Say, did you see the news from Libya — the last country we bombed because its leader crossed a red line or was about to? Here’s a dispatch from Libya in the Sept. 3 British newspaper, The Independent:
“Libya has plunged unnoticed into its worst political and economic crisis since the defeat of Qaddafi two years ago. Government authority is disintegrating in all parts of the country putting in doubt claims by American, British and French politicians that NATO’s military action in Libya in 2011 was an outstanding example of a successful foreign-military intervention, which should be repeated in Syria. … Output of Libya’s prized high-quality crude oil has plunged from 1.4 million barrels a day earlier this year to just 160,000 barrels a day now.”
I keep reading about how Iraq was the bad war and Libya was the good war and Afghanistan was the necessary war and Bosnia was the moral war and Syria is now another necessary war. Guess what? They are all the same war.
They are all the story of what happens when multisectarian societies, most of them Muslim or Arab, are held together for decades by dictators ruling vertically, from the top down, with iron fists and then have their dictators toppled, either by internal or external forces.
And, as I’ve said before, they are all the story of how difficult it is to go from Hussein to Jefferson — from vertical rule to horizontal rule — without falling into Hobbes or Khomeini.
In Bosnia, after much ethnic cleansing between warring communities, NATO came in and stabilized and codified what is in effect a partition. We acted on the ground as “the army of the center.” In Iraq, we toppled the dictator and then, after making every mistake in the book, we got the parties to write a new social contract. To make that possible, we policed the lines between sects and eliminated a lot of the worst jihadists in the Shiite and Sunni ranks. We acted on the ground as the “army of the center.” But then we left before anything could take root. Ditto Afghanistan.
The Obama team wanted to be smarter in Libya: no boots on the ground. So we decapitated that dictator from the air. But then our ambassador got murdered, because, without boots on the ground to referee, and act as the army of the center, Hobbes took hold before Jefferson.
If we were to decapitate the Syrian regime from the air, the same thing would likely happen there. For any chance of a multisectarian democratic outcome in Syria, you need to win two wars on the ground: one against the ruling Assad-Alawite-Iranian-Hezbollah-Shiite alliance; and, once that one is over, you’d have to defeat the Sunni Islamists and pro-al-Qaida jihadists.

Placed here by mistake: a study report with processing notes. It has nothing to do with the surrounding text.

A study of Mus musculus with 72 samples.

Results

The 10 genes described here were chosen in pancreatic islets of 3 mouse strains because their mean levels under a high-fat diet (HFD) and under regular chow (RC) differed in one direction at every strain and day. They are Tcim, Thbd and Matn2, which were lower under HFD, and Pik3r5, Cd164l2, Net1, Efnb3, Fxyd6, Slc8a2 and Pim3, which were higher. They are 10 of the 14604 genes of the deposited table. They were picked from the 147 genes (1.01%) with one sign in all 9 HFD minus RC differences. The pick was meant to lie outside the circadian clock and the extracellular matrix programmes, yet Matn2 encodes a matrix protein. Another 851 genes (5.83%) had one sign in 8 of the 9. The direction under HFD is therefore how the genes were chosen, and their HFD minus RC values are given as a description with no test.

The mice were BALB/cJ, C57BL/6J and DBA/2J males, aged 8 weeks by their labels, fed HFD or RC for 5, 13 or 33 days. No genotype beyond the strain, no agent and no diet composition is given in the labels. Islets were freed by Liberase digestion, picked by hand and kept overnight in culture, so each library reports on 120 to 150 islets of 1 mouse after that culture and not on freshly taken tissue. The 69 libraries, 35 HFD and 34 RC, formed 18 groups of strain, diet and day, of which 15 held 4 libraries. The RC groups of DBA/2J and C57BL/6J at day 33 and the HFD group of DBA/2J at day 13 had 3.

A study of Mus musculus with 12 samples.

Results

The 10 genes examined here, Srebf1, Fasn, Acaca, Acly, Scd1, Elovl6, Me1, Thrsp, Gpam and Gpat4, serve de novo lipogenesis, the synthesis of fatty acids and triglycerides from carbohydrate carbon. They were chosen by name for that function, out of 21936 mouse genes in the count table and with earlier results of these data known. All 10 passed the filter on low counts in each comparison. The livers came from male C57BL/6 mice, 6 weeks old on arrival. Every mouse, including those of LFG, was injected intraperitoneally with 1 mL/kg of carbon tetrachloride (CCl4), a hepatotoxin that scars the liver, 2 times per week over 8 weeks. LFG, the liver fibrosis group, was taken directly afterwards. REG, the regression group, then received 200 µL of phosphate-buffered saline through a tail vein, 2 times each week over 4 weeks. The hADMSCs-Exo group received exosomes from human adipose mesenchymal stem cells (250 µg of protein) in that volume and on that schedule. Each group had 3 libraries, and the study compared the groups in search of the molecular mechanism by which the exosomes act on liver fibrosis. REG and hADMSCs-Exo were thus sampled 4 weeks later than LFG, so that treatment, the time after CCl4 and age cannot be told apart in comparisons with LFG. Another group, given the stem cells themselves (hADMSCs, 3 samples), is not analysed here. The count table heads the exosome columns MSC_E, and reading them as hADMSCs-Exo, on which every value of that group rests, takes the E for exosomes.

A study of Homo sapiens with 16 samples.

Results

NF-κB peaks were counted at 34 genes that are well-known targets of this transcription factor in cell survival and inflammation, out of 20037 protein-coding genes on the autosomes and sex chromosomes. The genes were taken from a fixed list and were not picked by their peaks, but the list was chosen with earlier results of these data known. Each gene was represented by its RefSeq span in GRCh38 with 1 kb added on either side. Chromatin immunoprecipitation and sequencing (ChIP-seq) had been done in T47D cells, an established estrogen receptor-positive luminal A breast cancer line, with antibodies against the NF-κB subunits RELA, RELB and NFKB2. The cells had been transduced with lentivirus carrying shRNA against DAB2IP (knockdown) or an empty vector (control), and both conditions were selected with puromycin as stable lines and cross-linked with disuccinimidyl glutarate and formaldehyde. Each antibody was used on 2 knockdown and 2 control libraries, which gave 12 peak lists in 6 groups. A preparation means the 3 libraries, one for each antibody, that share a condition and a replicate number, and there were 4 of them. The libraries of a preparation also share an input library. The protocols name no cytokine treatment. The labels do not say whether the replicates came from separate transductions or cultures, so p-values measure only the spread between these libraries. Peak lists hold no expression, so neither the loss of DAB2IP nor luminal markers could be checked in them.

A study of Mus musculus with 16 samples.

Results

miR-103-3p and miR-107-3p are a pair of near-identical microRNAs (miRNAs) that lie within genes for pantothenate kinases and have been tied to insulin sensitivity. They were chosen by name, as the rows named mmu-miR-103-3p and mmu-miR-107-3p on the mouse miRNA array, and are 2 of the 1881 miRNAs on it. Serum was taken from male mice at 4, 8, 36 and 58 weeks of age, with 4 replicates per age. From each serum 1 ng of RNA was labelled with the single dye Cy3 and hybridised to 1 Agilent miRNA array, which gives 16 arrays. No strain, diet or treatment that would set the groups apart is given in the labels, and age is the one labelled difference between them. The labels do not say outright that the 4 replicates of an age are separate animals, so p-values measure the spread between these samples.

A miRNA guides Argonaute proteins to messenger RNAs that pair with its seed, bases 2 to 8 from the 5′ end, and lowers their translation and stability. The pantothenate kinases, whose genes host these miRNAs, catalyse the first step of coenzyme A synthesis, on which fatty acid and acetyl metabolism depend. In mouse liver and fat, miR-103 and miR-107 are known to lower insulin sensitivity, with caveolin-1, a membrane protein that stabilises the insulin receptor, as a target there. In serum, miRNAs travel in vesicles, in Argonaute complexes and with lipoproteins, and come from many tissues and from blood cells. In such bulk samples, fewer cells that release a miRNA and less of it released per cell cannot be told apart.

Without an army of the center (which no one will provide) to back up the few decent Free Syrian Army units, both will be uphill fights.
The center exists in these countries, but it is weak and unorganized. It’s because these are pluralistic societies — mixtures of tribes and religious sects, namely Shiites, Sunnis, Christians, Kurds, Druze and Turkmen — but they lack any sense of citizenship or deep ethic of pluralism. That is, tolerance, cooperation and compromise.
They could hold together as long as there was a dictator to “protect” (and divide) everyone from everyone else. But when the dictator goes, and you are a pluralistic society but lack pluralism, you can’t build anything because there is never enough trust for one community to cede power to another — not without an army of the center to protect everyone from everyone.
In short, the problem now across the Arab East is not just poison gas, but poisoned hearts. Each tribe or sect believes it is in a rule-or-die struggle against the next, and when everyone believes this, it becomes self-fulfilling.
That means Syria and Iraq will both likely devolve into self-governing, largely homogeneous, ethnic and religious units, like Kurdistan. And, if we are lucky, these units will find a modus vivendi, as happened in Lebanon after 14 years of civil war.
And then maybe, over time, these smaller units will voluntarily come together into larger, more functional states.
I still believe our response to Bashar Assad’s poison-gas attack should be “arm and shame,” as I wrote earlier.
But, please do spare me the lecture that America’s credibility is at stake here. Really?
Sunnis and Shiites have been fighting since the seventh century over who is the rightful heir to the Prophet Muhammad’s spiritual and political leadership, and our credibility is on the line? Really?
Their civilization has missed every big modern global trend — the religious Reformation, democratization, feminism and entrepreneurial and innovative capitalism — and our credibility is on the line? I don’t think so.
We’ve struggled for a long time, and still are, learning to tolerate “the other.” That struggle has to happen in the Arab/Muslim world, otherwise nothing we do matters. What is the difference between the Arab awakening in 2011 and South Africa’s transition to democracy in the 1990s? America? No. The quality of local leadership and the degree of tolerance.
, New York Times News Service
Thomas L. Friedman is a regular columnist for The New York Times.